Minnesota (since I happen to live there) has 5 degrees of assault:
- First Degree assault requires "bodily injury which creates a high probability of death, or which causes serious permanent disfigurement, or which causes a permanent or protracted loss or impairment of the function of any bodily member or organ or other serious bodily harm." (nb., this is the assault offense I suspect would be charged; attempted murder and other charges may be levied, too, but I'll stick to assault for ... concision?)
- Second Degree assault involves a deadly weapon and seems to require "the fracture of a body part, temporary or substantial loss or impairment to a bodily function or organ, or an injury resulting in temporary but substantial disfigurement."
- Third Degree assault involves "leads to substantial bodily harm" but doesn't involve a deadly weapon.
- Fourth Degree assault happens "when a person assaults another in the performance of their duties as a public servant" (eg., punching a police officer, even if there isn't "substantial bodily harm").
- Fifth Degree assault appears to be the catch-all for "anything else"; eg., punching someone in a barroom brawl.
Those are, of course, just the high-level overviews; there are specific statues that define some of those terms and put hard requirements to charge a specific assault as (eg.) 1st rather than 2nd degree.
Most crimes also have a "Mens Rea" component: the perpetrator needs to have a "guilty mind" - that they intentionally did something that they knew was illegal. My understanding is that this is what allows pleas of temporary insanity or charging crimes of passion as lesser offenses. As the Kyle Rittenhouse trial demonstrated, what many people see to be a clear example of a crime might not be due (at least in part) to the Mens Rea requirement and/or other mitigating factors. This is also why minors (especially young children) are treated differently: a 5-year-old barely has the concept that other people are actually people or that consequences can last past bedtime; it's incredibly unlikely that they can have the guilty mind necessary to commit most crimes.
Note that Mens Rea slightly more specifically means that "the defendant must be conscious of the “facts that make his conduct fit the definition of the offense.”". It's conceivable that someone might not know that (eg.) a pocket knife could be considered a deadly weapon, which might take 2nd degree assault off the table. Some statues don't have a Mens Rea component, some explicitly have one, and some seem to imply one; I'm honestly not sure where the various assault statues fall.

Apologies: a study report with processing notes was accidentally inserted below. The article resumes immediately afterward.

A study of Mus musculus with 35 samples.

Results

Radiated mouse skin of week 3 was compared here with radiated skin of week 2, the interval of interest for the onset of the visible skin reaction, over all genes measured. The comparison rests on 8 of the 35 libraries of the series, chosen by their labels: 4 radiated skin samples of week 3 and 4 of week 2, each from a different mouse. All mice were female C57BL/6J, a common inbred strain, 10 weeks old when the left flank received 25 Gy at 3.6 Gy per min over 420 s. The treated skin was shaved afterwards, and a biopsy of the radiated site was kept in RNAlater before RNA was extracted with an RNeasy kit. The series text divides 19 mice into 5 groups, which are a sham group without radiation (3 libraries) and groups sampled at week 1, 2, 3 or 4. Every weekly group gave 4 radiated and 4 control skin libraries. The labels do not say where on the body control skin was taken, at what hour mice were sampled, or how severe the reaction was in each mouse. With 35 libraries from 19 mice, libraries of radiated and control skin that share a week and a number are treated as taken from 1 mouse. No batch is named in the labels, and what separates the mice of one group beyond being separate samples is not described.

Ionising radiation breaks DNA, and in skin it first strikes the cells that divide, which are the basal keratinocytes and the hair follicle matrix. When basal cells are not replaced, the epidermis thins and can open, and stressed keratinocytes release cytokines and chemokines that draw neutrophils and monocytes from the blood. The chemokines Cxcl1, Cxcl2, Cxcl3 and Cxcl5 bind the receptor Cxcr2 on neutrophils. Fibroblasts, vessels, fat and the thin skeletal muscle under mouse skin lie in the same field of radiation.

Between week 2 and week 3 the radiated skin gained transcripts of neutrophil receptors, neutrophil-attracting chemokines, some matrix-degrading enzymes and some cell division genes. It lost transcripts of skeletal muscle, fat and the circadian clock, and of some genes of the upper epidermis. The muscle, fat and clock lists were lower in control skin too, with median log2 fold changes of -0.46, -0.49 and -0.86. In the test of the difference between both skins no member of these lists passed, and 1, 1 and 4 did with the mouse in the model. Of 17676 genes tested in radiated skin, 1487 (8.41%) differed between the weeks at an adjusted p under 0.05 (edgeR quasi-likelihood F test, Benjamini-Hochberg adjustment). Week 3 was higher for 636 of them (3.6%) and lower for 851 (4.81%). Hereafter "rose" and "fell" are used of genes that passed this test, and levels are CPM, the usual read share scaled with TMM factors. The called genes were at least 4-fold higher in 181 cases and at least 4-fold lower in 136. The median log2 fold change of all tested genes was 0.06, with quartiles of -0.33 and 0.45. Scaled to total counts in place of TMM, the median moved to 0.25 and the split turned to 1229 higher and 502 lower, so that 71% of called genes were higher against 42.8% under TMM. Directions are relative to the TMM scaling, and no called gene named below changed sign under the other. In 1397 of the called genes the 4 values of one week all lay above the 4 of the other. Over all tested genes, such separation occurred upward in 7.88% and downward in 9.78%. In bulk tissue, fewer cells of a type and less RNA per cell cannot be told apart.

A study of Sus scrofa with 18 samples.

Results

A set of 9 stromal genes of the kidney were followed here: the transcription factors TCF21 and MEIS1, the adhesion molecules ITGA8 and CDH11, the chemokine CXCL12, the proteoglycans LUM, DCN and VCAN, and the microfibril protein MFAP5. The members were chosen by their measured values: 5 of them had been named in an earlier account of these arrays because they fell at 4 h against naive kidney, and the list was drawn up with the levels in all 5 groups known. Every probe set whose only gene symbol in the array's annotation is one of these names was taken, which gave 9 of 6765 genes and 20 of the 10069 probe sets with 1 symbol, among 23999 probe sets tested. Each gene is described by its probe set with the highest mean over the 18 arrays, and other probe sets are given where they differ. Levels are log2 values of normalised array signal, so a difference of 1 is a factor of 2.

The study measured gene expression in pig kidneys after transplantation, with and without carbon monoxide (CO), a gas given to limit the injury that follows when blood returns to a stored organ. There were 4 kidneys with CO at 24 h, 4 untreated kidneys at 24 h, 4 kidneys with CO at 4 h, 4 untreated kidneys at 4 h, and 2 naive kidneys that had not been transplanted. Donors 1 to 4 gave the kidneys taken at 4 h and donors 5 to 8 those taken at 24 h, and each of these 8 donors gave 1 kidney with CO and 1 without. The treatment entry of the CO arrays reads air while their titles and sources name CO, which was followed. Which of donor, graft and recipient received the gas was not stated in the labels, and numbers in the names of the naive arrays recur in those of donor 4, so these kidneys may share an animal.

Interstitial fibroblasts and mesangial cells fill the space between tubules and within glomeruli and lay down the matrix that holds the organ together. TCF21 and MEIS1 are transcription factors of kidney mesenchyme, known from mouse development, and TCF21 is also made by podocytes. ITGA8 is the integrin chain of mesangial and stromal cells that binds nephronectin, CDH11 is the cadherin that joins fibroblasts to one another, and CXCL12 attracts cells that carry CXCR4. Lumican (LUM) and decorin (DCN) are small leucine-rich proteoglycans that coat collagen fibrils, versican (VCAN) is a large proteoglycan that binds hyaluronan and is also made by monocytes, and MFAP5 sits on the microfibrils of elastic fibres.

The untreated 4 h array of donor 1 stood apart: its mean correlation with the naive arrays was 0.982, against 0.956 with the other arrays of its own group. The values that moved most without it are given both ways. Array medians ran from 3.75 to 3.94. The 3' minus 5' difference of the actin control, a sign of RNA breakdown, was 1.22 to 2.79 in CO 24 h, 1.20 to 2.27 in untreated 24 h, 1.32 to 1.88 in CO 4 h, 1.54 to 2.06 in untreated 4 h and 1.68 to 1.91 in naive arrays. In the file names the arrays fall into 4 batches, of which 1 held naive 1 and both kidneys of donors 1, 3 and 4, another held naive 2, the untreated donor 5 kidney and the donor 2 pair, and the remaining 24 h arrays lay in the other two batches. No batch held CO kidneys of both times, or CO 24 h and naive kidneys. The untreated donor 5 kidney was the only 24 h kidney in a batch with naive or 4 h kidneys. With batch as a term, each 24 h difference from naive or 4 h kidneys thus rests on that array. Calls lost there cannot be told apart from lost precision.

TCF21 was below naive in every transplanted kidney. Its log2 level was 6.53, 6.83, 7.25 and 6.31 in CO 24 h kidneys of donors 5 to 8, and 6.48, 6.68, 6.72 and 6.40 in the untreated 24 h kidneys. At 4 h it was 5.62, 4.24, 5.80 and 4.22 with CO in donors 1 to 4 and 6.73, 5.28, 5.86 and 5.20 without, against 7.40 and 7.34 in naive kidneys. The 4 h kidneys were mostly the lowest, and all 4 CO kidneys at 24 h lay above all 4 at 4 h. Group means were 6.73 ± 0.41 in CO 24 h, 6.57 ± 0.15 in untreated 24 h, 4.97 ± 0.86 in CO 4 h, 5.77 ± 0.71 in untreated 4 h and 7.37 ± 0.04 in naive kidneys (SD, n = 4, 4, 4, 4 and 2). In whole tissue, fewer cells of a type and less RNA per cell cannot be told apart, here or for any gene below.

The US also has a "reasonable doubt" standard for conviction - this is supposed to be a very high bar, erring on the side of letting the guilty go free rather than incorrectly convicting the innocent.
And, the prosecutor needs to charge a specific crime. That is, they need to specifically charge "Assault in the First Degree"; they do, in some scenarios, have the ability to file multiple charges - in principle, they may be able to charge both first and second degree assault, and let the jury decide whether the actions in a particular case cross the threshold from 2nd to 1st.
So, at a minimum, the prosecutor in the Hadi Matar trial must prove, beyond a reasonable doubt:
- Hadi Matar is the person who attacked Salman Rushdie
- he did so intentionally
- he knew that doing so was illegal (or, at least, that the action was likely to cause damage, or whatever else the statue requires him to have known)
- and any other requirements of the specific allegations - was a deadly weapon involved, was there a high probability of death, was there serious permanent disfigurement, was there temporary disfigurement, was there permanent or protracted loss or impairment of the function of an organ, etc..
The "innocent until proven guilty" philosophy says that the jury (and, indeed, the criminal justice system, generally) needs to assume the answer to all of those questions is "no" unless and until the prosecution can prove the answer is "yes" beyond a reasonable doubt (with some fuzziness around setting bail and such).
Simply showing that I stabbed Frank is insufficient to prove first-degree assault. In fact, it's insufficient to prove any assault, since I might plead mitigating factors (eg., self-defense). Similarly with Hadi Matar: simply proving that he stabbed Salmon Rushdie is insufficient (though necessary) to prove assault.